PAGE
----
Album Review: The Psychotic Monks – Private Meaning First

French post-punk noisemongers The Psychotic Monks meld beauty and chaos on intriguing second album Private Meaning First…

Album Review: The Psychotic Monks – Private Meaning First
Sam Law

“You can’t understand the accident,” reckoned legendary English philosopher Francis Bacon. “If you could understand it, you’d also understand the way you were going to act. But the way you’re going to act is unforeseen.” As pretentious a reference point for a 21st century rock band that nugget of wisdom may be, it’s latched onto by wildcard Gallic collective The Psychotic Monks as they combine abstract purpose and unhinged improvisation on mercurial second album Private Meaning First. The results are (un)predictably never less than engrossing.

Picking up where they left off with fascinating 2017 debut Silence Slowly & Madly Shines, this nine-track collection saw them decamp to an isolated farmhouse in the French countryside to play off the isolation and claustrophobia of life in lockdown for the purposes of crafting a piece of even greater density and intensity than before. The result is a range of sonic moods that take in Swans’ bold experimentalism, the textural dexterity of Sonic Youth, the slump-shouldered swagger of post-punk icons PiL, and even Throbbing Gristle’s shadowy electronica. Throughout, oppressive atmospherics pervade everything, conjuring a sense of dystopian dread.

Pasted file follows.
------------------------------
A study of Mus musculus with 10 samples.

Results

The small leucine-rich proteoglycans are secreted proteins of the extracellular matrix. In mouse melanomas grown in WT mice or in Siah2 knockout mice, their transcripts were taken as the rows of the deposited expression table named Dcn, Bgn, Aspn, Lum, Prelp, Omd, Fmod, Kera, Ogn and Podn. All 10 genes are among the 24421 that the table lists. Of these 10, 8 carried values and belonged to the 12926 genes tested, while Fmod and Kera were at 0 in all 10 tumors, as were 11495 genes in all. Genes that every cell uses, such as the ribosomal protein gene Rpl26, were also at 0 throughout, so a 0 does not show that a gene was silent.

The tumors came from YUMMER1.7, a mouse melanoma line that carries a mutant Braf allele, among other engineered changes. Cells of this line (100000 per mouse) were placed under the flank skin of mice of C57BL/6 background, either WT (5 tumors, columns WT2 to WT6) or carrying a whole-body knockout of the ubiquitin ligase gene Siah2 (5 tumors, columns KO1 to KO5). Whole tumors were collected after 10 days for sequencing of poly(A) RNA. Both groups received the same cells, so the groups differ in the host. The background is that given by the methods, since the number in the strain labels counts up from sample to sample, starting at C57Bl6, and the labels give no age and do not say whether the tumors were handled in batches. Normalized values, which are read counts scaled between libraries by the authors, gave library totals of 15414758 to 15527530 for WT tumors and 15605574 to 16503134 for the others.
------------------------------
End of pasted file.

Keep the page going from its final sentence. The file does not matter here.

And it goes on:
Opener The Pale Dream layers synth on top of old-fashioned piano like latter-day Radiohead, but it’s the seven-minute Isolation that gets things started properly, with discordant riffs stabbing through a static swell before an avalanche of squalling guitars crush to a close. From there, all bets are off. A Coherent Appearance sounds like garage rock reinterpreted by some short-circuiting AI, while Minor Division is an eight-and-a-half minute deconstruction of Joy Division-alike ’80s goth-rock that veers from shadowy groove to outright distortion in the style of NIN’s weirdo modern classic The Background World. Emotional Disease doses ’60s psychedelia for a stomach-lurchingly bad trip, before Closure sweeps through a wave of abrasively cathartic industrial that would have even Daughters covering their ears.

It’s a deliberately unwieldy, wilfully abstruse listen, almost certainly designed to drive away casual listeners. If you’ve stuck around log enough to hear the weirdly brassy post-rock of A Self Claimed Regress segue into spectacularly dissonant, near-16 minute closer Every Sight, though, chances are the long and undulating trip will have been rewarded with a sense of brain-beaten transcendence. Proof that spontaneity is no excuse for compromise.

Rating: 4/5

For fans of: Swans, The Jesus Lizard, Sonic Youth

Private Meaning First is released on November 27 via FatCat

Check out more:

The best of Kerrang! delivered straight to your inbox three times a week. What are you waiting for?